In this chapter, we'll talk about:
how to silence your inner bully.
200 positive words we can use to describe ourselves.
+3 journal prompts.
"How can I be authentic and honest as an anonymous blogger? I want to become that blanket friendly face and not have people make any assumptions based on who I am or what I look like. I don't want to talk myself out of the excitement of it all... Some of these journal entries could be anyone's, and depending on that entry, the thought of that can be saddening; we all feel things and want to reach out to those sharing our thoughts and emotions so we can help one another."
- From Girlboss.Guru's personal journal, April 2021
WE SPEND MORE TIME WITH OURSELVES THAN WE DO WITH any other human on the planet. We live internally because we think internally. Therefore, we silently criticise and bully ourselves into being something other than what we are in that moment. And when we fall short of those we see to have, want and do more (through our unnecessary yet automatic comparisons), there's a constant stream of ammunition we use against ourselves to punish the parts of us—our hearts and souls—that just want to be. We not only accept friendly fire, but we initiate and, sometimes, encourage it.
Oftentimes, our inner critic and the terrifying bully alongside him/her win, because our hearts and souls are too afraid to challenge their negativity; it's easier to cower and succumb to their torment than it is to risk putting our confidence in an awkward or dangerous position. It's easier to avoid a social gathering than to face how anxious large crowds make us feel, so we choose bullets labelled 'cowardly' and 'fearful' and 'disappointing' and pull the trigger until we bail and opt not to ask for help because we think we don't deserve it. Would words such as 'brave' and 'honest' and 'human' not be better suited?
Though we may not have been able to stand up to the big kid at school who always had it in for us, we should be able to stand up to ourselves—to self-inflicted mental injury, to our inner critic/bully. It can be more of a struggle facing parts of us we're uncomfortable or unhappy with than physically standing before someone's fists, and we must accept the difficulty as a challenge. Forcing our mistakes and regrets 'out of sight, out of mind' actually has the opposite effect—they fester as we ruminate, and form even nastier gangs against the parts of us we're proud of and happiest with.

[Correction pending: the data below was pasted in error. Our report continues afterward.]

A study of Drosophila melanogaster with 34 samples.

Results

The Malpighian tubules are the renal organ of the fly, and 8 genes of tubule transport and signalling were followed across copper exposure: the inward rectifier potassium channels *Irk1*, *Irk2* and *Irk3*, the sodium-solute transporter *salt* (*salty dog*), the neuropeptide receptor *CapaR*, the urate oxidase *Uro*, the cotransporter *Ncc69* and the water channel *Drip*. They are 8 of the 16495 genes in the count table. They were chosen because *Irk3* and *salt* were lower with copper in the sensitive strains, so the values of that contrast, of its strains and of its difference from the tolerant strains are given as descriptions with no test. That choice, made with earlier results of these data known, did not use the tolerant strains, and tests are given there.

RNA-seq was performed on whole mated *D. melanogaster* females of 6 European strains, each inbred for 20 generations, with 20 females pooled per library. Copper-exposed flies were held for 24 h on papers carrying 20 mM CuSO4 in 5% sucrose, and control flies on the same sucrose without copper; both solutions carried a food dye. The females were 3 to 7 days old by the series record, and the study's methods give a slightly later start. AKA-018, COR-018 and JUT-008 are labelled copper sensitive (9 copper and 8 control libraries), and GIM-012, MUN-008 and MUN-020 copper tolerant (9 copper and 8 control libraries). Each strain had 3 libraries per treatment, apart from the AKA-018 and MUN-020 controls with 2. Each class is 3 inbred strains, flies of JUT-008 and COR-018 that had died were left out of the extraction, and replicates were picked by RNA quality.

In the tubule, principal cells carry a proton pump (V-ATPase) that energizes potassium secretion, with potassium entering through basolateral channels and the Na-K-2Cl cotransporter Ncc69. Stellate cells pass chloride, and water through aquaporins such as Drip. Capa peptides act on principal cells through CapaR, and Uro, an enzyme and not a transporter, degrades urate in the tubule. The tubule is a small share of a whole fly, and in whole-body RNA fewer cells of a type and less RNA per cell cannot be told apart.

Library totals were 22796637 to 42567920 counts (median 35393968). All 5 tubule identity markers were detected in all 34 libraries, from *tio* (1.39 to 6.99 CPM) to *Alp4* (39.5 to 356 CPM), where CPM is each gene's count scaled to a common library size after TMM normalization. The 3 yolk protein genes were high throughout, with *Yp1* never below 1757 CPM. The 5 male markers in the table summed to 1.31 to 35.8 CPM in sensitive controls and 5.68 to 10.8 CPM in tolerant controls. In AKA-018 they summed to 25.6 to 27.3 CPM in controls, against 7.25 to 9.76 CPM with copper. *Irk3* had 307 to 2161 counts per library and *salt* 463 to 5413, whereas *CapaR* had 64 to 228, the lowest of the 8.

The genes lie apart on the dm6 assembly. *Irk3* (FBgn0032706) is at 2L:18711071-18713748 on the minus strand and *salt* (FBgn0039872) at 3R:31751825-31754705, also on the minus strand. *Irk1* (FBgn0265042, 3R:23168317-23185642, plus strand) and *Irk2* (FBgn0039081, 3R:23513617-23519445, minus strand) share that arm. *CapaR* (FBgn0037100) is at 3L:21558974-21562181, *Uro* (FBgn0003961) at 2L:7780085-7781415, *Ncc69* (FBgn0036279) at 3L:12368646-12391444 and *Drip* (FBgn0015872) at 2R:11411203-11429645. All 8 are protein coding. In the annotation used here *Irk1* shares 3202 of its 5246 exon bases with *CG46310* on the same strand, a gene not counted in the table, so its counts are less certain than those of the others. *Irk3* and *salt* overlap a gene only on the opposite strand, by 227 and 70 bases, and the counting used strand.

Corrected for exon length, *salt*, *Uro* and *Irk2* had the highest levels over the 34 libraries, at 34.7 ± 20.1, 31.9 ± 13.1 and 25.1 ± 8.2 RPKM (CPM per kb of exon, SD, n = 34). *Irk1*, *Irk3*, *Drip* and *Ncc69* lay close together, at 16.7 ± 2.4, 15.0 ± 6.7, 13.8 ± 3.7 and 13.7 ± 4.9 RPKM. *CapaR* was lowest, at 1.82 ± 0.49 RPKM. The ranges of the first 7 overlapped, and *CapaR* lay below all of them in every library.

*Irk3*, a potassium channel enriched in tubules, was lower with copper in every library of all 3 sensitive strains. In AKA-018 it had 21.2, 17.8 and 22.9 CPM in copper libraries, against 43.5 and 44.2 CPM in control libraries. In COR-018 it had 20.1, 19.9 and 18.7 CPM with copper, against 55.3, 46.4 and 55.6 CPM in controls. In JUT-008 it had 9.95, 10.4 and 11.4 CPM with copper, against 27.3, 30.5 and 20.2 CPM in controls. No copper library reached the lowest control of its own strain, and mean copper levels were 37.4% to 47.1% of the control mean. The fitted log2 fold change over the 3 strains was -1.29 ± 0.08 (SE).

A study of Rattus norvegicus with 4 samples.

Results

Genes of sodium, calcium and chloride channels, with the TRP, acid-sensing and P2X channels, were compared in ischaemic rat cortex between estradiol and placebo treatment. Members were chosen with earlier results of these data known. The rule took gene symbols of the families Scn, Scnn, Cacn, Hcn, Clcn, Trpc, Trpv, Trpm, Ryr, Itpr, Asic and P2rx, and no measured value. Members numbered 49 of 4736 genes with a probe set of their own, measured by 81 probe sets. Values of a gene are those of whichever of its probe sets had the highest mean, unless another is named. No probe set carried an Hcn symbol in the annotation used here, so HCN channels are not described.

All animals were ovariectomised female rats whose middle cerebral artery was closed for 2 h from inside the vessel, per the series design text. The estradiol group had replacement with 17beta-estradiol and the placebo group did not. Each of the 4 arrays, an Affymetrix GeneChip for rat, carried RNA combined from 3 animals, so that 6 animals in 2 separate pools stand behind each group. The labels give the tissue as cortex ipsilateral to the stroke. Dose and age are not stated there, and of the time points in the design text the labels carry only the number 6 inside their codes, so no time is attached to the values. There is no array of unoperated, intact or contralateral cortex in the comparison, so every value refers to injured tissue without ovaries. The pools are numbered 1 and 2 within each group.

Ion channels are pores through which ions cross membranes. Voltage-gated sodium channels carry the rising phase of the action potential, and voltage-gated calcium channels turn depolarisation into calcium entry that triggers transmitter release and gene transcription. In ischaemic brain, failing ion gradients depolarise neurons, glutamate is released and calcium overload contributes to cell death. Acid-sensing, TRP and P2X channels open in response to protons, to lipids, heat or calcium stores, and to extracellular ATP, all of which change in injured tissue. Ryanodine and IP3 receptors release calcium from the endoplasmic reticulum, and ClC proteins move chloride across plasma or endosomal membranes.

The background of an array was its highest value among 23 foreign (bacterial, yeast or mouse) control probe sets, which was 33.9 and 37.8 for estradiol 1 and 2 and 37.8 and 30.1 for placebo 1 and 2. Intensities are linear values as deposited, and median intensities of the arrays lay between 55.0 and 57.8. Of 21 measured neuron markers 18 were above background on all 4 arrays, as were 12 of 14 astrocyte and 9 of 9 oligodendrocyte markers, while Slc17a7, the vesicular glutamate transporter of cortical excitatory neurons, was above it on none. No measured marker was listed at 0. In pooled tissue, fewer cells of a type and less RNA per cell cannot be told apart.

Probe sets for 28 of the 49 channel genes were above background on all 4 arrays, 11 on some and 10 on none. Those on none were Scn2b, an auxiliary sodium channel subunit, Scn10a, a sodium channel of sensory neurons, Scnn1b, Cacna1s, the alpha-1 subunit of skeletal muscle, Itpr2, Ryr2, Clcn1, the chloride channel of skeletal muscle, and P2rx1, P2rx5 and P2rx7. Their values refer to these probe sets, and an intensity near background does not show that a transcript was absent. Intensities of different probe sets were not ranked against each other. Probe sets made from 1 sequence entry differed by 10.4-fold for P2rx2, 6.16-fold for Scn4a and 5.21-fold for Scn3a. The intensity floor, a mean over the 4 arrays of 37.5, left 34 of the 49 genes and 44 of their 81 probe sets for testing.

We cannot control the actions of a third party, but we can control our own actions. When the inner bully and the inner critic join forces to bring us down, we already have the tools and teams necessary to form a decent blockade against the debris they haul. We own thick shields, solid defences and precise weapons we can use to protect us, then strike back...
The trick, at first, is to learn about the benefits of affirmations. These are 100% positive words and phrases we can recite internally or aloud when the bully is on our case. For example, "I made a mistake; I will never live this down" can be re-phrased in a kinder and calmer way. Instead, we should tell ourselves, "It's OK—I'm a human being. I'll learn from this and move on." By removing the words we associate with negativity and in this case failure and embarrassment, we replace the low mood it causes and instead, we can change our pre-programmed response.
Open Your Journal
Now you know a bit more about how to silence your inner bully and how to use positive affirmations, turn to a blank page in your notebook to answer the following questions:
How many times a day do you put yourself down?
Write down some of the negative things you have said about yourself recently, then re-write them using the positive affirmations technique as discussed above.
Time yourself - in 10 minutes, free write/list as many positive words as you can to describe yourself. Can you reach 200+?
Download your FREE 200 Positive Words Infographic.